A House of Reprehensibles

The so-called Republican members of the US House have moved forward with a plan to defund the Affordable Care Act (Obamacare). They have done this without even a feint toward repairing its faults before or now, nor with a whiff of trying to replace it.

The resolution, H.J.RES. 59 (Library of Congress: Thomas: H.J.RES. 59 of the 113th Congress), is meant to fund the government for the next year. But it’s a bit like the gun from The Fifth Element, the ZF-1 (YouTube: (excerpted from The Fifth Element) little red button of the bottom).

The nation has a healthcare problem, well documented, and obvious to anyone willing to look. The ACA, imperfect as it is, will improve the number of covered individuals. Will lower costs, if only marginally. It should be replaced with something better (indeed, it came with a five year period to implement and several prominent extensions have been granted to select interests, a jarring clue that it isn’t the right course). But it is simply irresponsible, it is reprehensible, to simply try to strike the funding for it.

The majority has failed in their duties, repeatedly. Their broken-record activity of trying to simply elide from the books this attempt to improve healthcare is simply obtuse. It’s bad politics. The supporters of the effort, bless their hearts, should be lining up behind an alternative at the very least. Should be fighting for something.

That’s what the tombstone for the GOP will read: “Here lies a bunch of bones from those who forgot how to fight for anything, who died fighting against everything.” And that day cannot come too soon: we need a real conservative party to fight for ideas alongside a vibrant liberal party fighting for theirs. And together they can shape the country for the better.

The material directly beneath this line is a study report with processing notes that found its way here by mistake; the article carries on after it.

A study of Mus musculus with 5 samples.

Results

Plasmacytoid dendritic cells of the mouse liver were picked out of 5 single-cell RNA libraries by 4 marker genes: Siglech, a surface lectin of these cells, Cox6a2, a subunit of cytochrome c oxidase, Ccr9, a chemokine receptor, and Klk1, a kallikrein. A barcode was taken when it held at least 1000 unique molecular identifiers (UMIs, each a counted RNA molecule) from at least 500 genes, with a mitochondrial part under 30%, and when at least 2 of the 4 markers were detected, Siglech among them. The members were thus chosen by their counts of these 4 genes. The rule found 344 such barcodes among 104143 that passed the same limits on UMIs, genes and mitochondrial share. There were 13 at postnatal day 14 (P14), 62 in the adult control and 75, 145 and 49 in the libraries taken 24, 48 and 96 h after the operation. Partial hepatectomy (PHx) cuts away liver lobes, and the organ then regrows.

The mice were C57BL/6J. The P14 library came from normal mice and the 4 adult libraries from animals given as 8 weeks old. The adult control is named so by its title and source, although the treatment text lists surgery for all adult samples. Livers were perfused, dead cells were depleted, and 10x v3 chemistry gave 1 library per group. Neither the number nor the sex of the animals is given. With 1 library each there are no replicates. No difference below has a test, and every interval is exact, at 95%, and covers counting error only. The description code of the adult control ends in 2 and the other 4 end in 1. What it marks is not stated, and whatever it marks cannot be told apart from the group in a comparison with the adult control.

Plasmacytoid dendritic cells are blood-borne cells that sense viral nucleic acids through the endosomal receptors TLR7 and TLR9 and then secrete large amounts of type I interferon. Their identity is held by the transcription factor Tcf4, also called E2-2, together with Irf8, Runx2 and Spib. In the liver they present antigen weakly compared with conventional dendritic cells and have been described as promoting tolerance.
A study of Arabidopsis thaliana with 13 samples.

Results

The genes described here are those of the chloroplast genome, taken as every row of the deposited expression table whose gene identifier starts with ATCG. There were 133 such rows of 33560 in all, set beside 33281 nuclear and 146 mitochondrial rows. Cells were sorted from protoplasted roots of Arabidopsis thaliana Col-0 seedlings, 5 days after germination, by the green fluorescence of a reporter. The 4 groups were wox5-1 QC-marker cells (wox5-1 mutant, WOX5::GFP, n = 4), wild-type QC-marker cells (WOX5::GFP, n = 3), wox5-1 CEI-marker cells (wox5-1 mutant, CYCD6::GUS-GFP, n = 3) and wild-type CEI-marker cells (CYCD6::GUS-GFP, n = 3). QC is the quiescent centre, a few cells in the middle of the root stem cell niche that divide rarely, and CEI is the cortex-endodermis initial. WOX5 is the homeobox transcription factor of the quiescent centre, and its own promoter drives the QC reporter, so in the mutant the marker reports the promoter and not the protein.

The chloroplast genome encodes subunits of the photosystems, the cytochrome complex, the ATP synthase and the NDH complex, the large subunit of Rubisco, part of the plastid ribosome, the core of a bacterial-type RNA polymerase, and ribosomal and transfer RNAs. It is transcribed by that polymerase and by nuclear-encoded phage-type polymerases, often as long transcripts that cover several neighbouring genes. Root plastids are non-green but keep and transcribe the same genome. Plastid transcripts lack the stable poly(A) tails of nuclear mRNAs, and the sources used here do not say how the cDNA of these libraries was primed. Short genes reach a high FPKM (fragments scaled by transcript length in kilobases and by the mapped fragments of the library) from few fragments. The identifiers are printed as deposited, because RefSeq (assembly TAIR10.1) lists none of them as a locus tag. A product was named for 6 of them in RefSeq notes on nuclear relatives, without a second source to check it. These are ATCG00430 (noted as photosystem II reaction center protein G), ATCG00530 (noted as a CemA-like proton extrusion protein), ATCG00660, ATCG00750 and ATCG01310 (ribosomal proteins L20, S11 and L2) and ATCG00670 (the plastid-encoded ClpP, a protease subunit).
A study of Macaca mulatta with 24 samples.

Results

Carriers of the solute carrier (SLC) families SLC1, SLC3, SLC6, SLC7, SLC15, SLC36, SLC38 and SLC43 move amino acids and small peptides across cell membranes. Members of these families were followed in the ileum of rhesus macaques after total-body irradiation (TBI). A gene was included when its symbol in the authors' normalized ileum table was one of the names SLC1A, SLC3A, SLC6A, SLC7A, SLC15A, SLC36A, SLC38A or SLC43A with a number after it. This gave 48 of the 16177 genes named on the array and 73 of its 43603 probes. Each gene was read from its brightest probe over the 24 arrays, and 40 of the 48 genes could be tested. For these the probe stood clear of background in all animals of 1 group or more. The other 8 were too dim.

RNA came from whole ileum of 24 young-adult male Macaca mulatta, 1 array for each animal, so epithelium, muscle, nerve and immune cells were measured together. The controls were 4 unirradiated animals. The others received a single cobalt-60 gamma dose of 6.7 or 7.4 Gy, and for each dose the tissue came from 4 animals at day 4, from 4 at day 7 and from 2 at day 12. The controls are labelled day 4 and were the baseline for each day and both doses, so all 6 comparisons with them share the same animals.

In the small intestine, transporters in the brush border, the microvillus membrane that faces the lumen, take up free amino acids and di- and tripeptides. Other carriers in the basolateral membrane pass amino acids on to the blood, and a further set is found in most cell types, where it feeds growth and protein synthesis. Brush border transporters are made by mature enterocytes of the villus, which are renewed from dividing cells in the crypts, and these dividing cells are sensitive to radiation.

Like the Syrian escape hatch, the Republicans need to exercise a quick pivot before they cross too far across a red line. But, instead they have repeated empty rhetoric.

We have learned lessons from the ACA passage, the most prominent which should be not to promise the status quo in the face of a corrupt status quo. Many opponents of the law have latched onto the claim that people would keep their insurance, which in fact did shape the law’s construction for the worse.

Any law that takes a half-decade to implement is either too much or not enough. The ACA is definitely both. And extensions for protected interests only fuels the divisiveness amongst our countrymen. The ACA should have been a unifying act, removing barriers between different groups of healthcare customers.

And so on. But again, none of these nuances, absolutely not one single idea of improvement or replacement, has been forwarded by the House Republicans. Their desperation is telling. Their constituents have been bombarded by rhetoric against the ACA from extremist media sources, who themselves offer no alternative ideas. The leadership, unable to push for ideas in a space devoid of them, is left with the choice to rally against the law, holding a basket full of air.

The White House has offered a small window between shutdown and full funding, quoting:

The Administration is willing to support a short-term continuing resolution to allow critical
Government functions to operate without interruption […]

Read: “if you guys are this dumb, we can pass something at the zero hour to avert true disaster, and then clean up your mess later.” Indeed, we will be cleaning up the dysfunctional mess of our governments and businesses for the foreseeable future, even as they explore strange new disasters, to seek out new botches and new catastrophes, to boldly fuck up what no one has fucked up before.